A movie review of “The Wrecking Crew”: The story of the legendary studio musicians behind many of the hits of the 1960s through the early 1970s has taken decades to reach the screen, but it has been worth the wait.


If the history of rock music means anything to you, you know the individuals in question could only be the Wrecking Crew, a legendary group of Los Angeles-based studio musicians. Though their story has taken decades to reach the screen, it has been worth the wait.

Providing backup on hundreds if not thousands of songs, the Wrecking Crew was responsible for the musical DNA of so many of the anthems that ruled the airwaves from the 1960s through the early 1970s that it makes your head spin.

Movie Review

‘The Wrecking Crew,’ a documentary directed by Denny Tedesco. 101 minutes. Rated PG for language, thematic elements and smoking images. SIFF Cinema Uptown.

The Los Angeles Times does not provide star ratings with reviews.

That list includes the Phil Spector-produced “Be My Baby,” the Beach Boys’ “Wouldn’t It Be Nice,” the Righteous Brothers’ “You’ve Lost That Lovin’ Feelin’,” the Byrds’ “Mr. Tambourine Man” and Nancy Sinatra’s “These Boots Are Made for Walkin’.” If you listened to the radio during that period, these musicians created your world.

Which is one reason why “The Wrecking Crew” has taken so long to appear. A version of it played extensively at film festivals in 2008, but for it to be shown in commercial movie theaters, hundreds of thousands of dollars’ worth of licensing fees had to be paid for the use of those hit songs.

Until that money could be raised (via donations and a Kickstarter campaign, as it turned out), this movie could not be seen.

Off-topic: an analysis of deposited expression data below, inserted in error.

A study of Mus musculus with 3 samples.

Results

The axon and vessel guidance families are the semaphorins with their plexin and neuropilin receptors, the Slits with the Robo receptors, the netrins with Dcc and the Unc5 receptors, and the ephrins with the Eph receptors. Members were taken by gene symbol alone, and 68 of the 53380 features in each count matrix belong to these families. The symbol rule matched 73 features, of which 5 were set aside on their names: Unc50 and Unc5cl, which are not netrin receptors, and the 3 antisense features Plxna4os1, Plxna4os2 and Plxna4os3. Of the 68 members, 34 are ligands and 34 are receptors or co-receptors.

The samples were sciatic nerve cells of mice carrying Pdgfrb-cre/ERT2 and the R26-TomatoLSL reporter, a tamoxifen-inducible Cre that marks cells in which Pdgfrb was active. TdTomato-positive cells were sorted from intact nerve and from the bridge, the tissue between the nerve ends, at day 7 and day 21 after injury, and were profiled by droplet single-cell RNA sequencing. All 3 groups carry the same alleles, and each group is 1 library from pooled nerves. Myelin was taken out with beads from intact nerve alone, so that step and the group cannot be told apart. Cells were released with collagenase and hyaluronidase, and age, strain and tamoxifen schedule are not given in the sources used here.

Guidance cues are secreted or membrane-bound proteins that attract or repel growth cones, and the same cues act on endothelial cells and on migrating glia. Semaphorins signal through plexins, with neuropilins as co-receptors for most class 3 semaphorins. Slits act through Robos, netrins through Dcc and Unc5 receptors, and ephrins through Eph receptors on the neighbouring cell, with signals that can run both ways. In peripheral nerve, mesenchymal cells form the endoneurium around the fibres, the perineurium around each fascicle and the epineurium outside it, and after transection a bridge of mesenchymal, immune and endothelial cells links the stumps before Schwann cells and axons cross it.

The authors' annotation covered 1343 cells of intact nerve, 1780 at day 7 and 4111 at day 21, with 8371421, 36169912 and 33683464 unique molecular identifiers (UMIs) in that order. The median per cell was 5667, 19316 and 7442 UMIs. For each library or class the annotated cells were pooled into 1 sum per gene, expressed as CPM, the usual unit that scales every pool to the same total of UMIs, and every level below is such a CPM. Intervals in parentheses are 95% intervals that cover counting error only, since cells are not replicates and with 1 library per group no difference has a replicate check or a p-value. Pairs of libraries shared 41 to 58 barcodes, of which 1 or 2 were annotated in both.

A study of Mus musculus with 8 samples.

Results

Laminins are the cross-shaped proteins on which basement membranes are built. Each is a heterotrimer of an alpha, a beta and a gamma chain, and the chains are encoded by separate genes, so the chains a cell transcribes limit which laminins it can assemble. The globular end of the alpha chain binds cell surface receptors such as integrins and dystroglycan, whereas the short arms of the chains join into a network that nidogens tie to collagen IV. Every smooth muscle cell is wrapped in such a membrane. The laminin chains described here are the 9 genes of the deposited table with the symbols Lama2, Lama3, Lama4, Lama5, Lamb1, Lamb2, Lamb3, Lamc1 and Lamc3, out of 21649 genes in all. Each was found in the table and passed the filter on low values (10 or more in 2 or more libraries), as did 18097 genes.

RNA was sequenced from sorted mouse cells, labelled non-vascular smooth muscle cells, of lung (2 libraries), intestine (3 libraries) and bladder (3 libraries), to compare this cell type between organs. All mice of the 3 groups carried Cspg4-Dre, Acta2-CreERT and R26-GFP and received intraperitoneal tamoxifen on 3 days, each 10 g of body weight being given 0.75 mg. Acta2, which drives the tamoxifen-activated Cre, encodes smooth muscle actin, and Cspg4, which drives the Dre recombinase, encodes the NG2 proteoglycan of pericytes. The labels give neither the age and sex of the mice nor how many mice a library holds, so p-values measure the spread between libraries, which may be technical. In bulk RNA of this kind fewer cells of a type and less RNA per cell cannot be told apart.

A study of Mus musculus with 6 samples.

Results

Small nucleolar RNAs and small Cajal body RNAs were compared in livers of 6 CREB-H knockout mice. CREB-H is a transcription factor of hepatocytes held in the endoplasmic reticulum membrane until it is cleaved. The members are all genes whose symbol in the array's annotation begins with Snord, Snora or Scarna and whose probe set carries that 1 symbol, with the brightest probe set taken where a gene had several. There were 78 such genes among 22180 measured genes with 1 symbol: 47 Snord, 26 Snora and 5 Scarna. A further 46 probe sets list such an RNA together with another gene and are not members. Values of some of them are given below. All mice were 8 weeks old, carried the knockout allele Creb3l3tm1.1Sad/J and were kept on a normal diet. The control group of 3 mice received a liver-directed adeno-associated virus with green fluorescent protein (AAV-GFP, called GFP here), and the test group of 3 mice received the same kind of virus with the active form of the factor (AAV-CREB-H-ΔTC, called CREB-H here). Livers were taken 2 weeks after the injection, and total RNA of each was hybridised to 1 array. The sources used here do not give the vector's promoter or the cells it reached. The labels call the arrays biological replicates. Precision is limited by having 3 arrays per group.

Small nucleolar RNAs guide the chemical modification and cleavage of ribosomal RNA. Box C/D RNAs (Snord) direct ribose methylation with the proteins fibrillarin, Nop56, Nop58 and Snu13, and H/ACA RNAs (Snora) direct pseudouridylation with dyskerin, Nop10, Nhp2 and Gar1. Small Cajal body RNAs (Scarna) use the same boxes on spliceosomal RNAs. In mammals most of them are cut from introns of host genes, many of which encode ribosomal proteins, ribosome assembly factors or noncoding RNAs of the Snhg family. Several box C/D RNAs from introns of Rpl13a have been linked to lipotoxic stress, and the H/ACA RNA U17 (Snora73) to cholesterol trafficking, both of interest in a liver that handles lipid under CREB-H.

The Wrecking Crew was a fluid group — no one seems to know exactly how many people were considered members (20 is a rough guess), but key among them was Tommy Tedesco, aka “The King of L.A. Session Guitarists.”

Tedesco’s son, director Denny Tedesco, made putting this film together a yearslong labor of love.

Something like a “Twenty Feet From Stardom” for session musicians, “The Wrecking Crew” contains its share of surprises, including that many of these individuals came from a jazz background and didn’t necessarily care for rock, at least at first.

Though Wrecking Crew alumni Glen Campbell and Leon Russell went on to major solo careers, most were more than content with musical lives outside the spotlight. Some of the film’s best moments are brief biographical segments on key members.

Perhaps the most intriguing member was its only female, nonpareil bassist Carol Kaye, who made more money than the president in her best years and demonstrates how she souped up the bass line for Sonny and Cher’s “The Beat Goes On.”